It’s a tradition: fishing GLS on April 1

by May 5, 2016Maine Fishing

It’s a tradition: fishing GLS on April 1

The above average temps and lack of snow this winter had resulted in the fishing season kicking off two weeks ahead of schedule so Robinand I scoped out the stream the day before we were set to go fishing to see how high the water was and how many fellow fishermen were there. We went back to her house where Taylor joined us and got our fly rods ready with leaders and new flies.

The next morning, the three of us ate a delicious breakfast (duck eggs and bear sausage!) and headed to the stream.  Our second year being in the stream on April 1.  I looked like I knew what I was doing which was a vast improvement from last year.  It was also 30 degrees warmer that it had been so the extra layers were not needed.

We had an idea of where we wanted to be and made our way across the dam.  Being outdoor bloggers, we needed to get a picture of us (my idea, not Robin’s).  I asked the one person out of the water, a guy who clearly knew what he was doing, to take our picture.  We chatted a little about if the fish were biting and what fly he was using.  Soon, he opened his fly box and took out three Golden Retriever flies that he had tied and handed them to us.

Robin, Taylor and I

Greg told us that he ties the flies for the GLS store and was in the stream the first day it was open and had caught lots of fish. We were excited.  He also advised us to grab our sunglasses, if we had them, to help with the glare off the water even though it was cloudy.  Taylor and I jumped at the suggestion. We thanked Greg for talking with us, taking our photos and the pointers that he shared and headed to the opposite bank.

The three of us waded our way into the stream but after a couple of casts, I got out and moved to the other side.  It was a little shallower and from watching the fishermen the day before, I could get out further into the water if I came in from the other side.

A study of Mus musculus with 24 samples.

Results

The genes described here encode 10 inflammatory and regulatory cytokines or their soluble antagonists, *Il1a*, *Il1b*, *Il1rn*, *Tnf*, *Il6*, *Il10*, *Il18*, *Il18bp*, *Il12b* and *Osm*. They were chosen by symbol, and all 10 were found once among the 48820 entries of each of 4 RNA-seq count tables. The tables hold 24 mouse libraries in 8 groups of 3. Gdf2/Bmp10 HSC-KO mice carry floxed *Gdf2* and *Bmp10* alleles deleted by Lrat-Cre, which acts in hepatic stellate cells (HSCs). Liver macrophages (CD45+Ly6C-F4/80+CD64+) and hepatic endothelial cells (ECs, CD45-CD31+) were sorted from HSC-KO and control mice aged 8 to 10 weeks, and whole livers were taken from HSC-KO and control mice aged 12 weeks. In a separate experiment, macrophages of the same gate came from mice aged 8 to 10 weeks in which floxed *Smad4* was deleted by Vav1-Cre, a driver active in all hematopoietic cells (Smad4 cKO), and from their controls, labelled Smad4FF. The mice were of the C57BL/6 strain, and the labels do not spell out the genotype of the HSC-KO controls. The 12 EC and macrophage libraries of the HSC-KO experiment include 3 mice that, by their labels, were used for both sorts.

The water was cold but things were not freezing up like they had the year before.  The rain was holding off and there were relativity few people in the stream with Robin, Taylor and I being the only women there; a bragging right Robin and I can claim for the past two years. 

I waded into the water and got set up.  Greg was nearby and every time I would look over at him, he was taking a fish off of his line and throwing it back into the water.  I, on the other hand, was happy to be able to cast and change flies in the water without losing my gear. Greg came over to me and offered to have me take his ‘spot’ in the water and pointed to a group of fish that we could see thanks to the sunglasses.  All I had to do was get my fly to land in front of those fish and let it sink.  He made it sound and look very easy. He also took my fly rod and cast it out a few times to get the line where it needed to be.  He then moved on to help Taylor and Robin.

He had no idea who we were but there he was, waist deep in the stream, helping three women work on their casting and becoming better fly fishermen. It was fantastic and while we might not have thanked him enough, we appreciated all of the advice that he was willing to offer. We need more people like him in the outdoors! We were in the stream for a couple of hours before our friend Tammy joined us and fished the upper side of the dam. Ten minutes after we got out of the water, the siren went off on the dam and the water level in the stream rose and sped up.

Taylor and I

It had been a wonderful morning on the water and while we didnt catch a fish or even have a bite, we were waist deep in the water and casting like we knew what we were doing. We happily packed up our fishing gear and headed to the store for lunch.

Every outdoorswoman should be lucky enough to have a group of women like this to explore the outdoors with! It’s what makes us better, more confident and ready for a challenge.  This won’t be our last fishing trip of 2016 but it was a great way to kick off the season.

1 Comment

  1. Nice! Wish I could have joined you! Next year hopefully.